Houston Rodeo closure due to COVID-19 has major effect on local livestock projects

Working+with+her+steer%2C+senior+Grace+Hoegemeyer+spends+time+preparing+for+the+show+at+the+Houston+Livestock+Show.+She+and+thousands+of+other+FFA+and+4-H+members+cannot+show+their+projects+due+to+the+closure+of+the+event.+%22I+wish+it+would+have+been+possible+to+just+close+the+livestock+show+off+to+the+public+and+continue+to+show+and+sell+the+animals.%22

photo or infographic by courtesy photo

Working with her steer, senior Grace Hoegemeyer spends time preparing for the show at the Houston Livestock Show. She and thousands of other FFA and 4-H members cannot show their projects due to the closure of the event. "I wish it would have been possible to just close the livestock show off to the public and continue to show and sell the animals."

As the truck joined the line of trailers waiting to drop off the heifers, seniors Hayden Feist and Brandon Oestrich had no idea what the next few hours would bring.

The journey that started last year when they caught heifers at the rodeo was coming full circle as they prepared to show off their hard work.

Then the news hit. The unthinkable happened. Effective at 4:00 p.m. on March 11, 2020, the rodeo and livestock was closed.

For over 80 years the Houston Livestock Show and Rodeo has entertained and educated the area while giving youth a chance to work hard and show off their projects. The closure of the rodeo is more than missed concerts and carnival rides. It is devastating to the livestock exhibitors who will not have an opportunity to show. 

Contestants and especially seniors who have worked so hard over the past year to compete in the livestock shows won’t be able to participate in any events due to the severity of this virus.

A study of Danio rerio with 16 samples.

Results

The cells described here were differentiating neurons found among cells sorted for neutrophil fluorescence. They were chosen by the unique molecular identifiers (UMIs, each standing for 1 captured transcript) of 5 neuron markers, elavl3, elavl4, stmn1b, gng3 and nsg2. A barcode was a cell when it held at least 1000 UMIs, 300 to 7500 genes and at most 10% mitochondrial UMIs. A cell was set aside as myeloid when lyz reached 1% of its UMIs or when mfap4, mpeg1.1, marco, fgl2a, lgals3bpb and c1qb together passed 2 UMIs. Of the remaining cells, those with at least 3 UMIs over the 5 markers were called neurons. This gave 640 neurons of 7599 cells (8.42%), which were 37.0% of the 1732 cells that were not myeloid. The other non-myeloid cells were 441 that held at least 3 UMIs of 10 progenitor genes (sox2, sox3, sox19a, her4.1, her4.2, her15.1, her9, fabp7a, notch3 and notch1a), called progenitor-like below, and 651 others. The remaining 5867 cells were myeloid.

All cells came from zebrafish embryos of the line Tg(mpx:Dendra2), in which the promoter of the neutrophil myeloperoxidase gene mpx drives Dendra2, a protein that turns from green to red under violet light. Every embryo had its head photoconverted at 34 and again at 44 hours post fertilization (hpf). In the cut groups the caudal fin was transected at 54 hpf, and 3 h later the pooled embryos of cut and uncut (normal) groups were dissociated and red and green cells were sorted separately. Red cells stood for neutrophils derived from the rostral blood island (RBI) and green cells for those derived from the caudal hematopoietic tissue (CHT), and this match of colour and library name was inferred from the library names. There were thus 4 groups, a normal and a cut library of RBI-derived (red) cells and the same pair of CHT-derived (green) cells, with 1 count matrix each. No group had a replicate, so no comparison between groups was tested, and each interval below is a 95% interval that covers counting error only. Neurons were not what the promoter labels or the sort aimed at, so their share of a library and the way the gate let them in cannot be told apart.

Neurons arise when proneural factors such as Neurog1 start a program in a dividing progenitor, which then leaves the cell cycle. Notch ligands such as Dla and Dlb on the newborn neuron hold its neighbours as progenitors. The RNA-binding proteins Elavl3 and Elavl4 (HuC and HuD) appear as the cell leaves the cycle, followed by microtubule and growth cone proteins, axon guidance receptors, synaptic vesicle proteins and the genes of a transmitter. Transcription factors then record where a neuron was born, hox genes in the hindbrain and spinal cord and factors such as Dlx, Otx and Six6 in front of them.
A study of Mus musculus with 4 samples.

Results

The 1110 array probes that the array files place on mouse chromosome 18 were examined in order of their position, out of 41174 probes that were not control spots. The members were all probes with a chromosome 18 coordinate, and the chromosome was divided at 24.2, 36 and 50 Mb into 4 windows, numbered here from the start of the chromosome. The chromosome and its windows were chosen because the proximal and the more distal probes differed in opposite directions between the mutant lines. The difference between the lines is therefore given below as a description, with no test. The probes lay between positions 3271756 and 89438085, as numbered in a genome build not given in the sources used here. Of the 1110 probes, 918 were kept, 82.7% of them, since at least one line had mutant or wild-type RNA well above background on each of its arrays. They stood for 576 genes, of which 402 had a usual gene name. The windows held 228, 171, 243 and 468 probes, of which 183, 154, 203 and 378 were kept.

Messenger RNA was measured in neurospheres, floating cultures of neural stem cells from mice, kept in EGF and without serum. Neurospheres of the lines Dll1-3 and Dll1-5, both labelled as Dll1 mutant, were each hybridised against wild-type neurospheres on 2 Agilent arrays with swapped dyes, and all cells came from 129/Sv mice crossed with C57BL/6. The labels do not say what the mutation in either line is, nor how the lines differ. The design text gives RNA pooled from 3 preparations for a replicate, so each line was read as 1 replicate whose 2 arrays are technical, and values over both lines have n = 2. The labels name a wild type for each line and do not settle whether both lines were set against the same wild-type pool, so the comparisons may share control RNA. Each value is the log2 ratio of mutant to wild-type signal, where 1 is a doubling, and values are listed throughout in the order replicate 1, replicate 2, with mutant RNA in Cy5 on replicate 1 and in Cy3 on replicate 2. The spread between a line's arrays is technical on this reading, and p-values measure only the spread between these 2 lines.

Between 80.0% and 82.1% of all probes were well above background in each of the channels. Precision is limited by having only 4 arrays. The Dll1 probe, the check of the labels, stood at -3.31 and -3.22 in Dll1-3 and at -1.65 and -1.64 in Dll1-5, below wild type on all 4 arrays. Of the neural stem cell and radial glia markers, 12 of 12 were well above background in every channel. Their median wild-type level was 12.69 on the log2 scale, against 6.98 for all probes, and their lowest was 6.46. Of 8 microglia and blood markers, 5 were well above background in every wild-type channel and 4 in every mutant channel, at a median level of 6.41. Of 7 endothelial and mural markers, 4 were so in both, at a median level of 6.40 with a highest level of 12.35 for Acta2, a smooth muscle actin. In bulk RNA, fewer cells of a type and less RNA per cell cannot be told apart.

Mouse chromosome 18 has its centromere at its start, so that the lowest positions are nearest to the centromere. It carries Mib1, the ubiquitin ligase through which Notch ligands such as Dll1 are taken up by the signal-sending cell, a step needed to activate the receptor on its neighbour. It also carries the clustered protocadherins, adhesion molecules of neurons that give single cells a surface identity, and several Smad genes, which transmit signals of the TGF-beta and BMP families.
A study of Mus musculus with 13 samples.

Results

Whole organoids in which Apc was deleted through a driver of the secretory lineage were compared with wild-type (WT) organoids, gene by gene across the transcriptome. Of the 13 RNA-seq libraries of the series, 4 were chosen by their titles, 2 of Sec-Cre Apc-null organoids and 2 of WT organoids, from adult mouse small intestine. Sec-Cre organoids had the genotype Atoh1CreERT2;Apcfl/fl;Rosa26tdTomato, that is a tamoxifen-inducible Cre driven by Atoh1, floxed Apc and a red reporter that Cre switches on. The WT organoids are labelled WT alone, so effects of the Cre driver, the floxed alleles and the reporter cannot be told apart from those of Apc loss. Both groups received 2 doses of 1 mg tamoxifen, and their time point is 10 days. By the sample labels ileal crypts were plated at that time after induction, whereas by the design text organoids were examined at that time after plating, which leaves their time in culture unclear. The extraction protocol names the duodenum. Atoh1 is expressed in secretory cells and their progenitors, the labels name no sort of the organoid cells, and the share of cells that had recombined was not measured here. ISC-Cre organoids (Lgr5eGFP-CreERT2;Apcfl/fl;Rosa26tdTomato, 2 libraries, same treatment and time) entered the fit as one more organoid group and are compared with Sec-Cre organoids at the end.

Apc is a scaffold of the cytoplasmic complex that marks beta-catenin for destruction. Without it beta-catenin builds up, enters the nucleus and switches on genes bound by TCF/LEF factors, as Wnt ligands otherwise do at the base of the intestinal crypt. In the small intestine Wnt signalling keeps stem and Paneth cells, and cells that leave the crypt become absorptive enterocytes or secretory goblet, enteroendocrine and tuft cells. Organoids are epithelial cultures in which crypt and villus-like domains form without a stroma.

“I will not be able to exhibit my steer anywhere else,” senior Grace Hoegemeyer said. “We have fed this calf to get him to the perfect weight and marketability to do well at Houston specifically.”

A lot of people are feeling for the seniors who are missing out on the last time they’re able to show their livestock in events like HLSR and MOCO.

“As an ag teacher I am completely heartbroken for the kids,” Amanda Traylor said. “My kiddos have put in countless hours and financial resources to see their projects get to this point and now they’re sent back home.”

This shutdown hasn’t just affected students that participate in the livestock portion of the rodeo, but everyone who attends the concerts.

“My family and I had only attended the rodeo one time this year and we saw Willie Nelson,” senior Delaney Suffield said. “We are extremely disappointed with the cancellation of the rest of the rodeo and our hearts go out to everyone who doesn’t get to show for their last time as a senior.”

Students are so devoted to these events, giving up a lot of time and putting in a lot of effort. It’s a hard thing to deal with now that everything is canceled, especially since there will be no end result.

“I would like to share that I am devastated over this shut down and that although I do understand, it is hard for us seniors who have been showing at Houston since we were in elementary school,” Hoegemeyer said. “I wasn’t expecting to have my senior year opportunity taken away due to this virus. I hope the best for everyone else affected by this decision.”

The seriousness of the coronavirus is growing every day and government officials are doing what they think is best for the citizen by shutting down large events until they get a handle on the virus.

“I was participating in the calf scramble show and also the heifer show at Houston,” senior Hayden Feist said. “I spent a year with my heifer project and three hours a day working with her. I think the city could’ve planned it better and changed it to where exhibitors were still able to show.”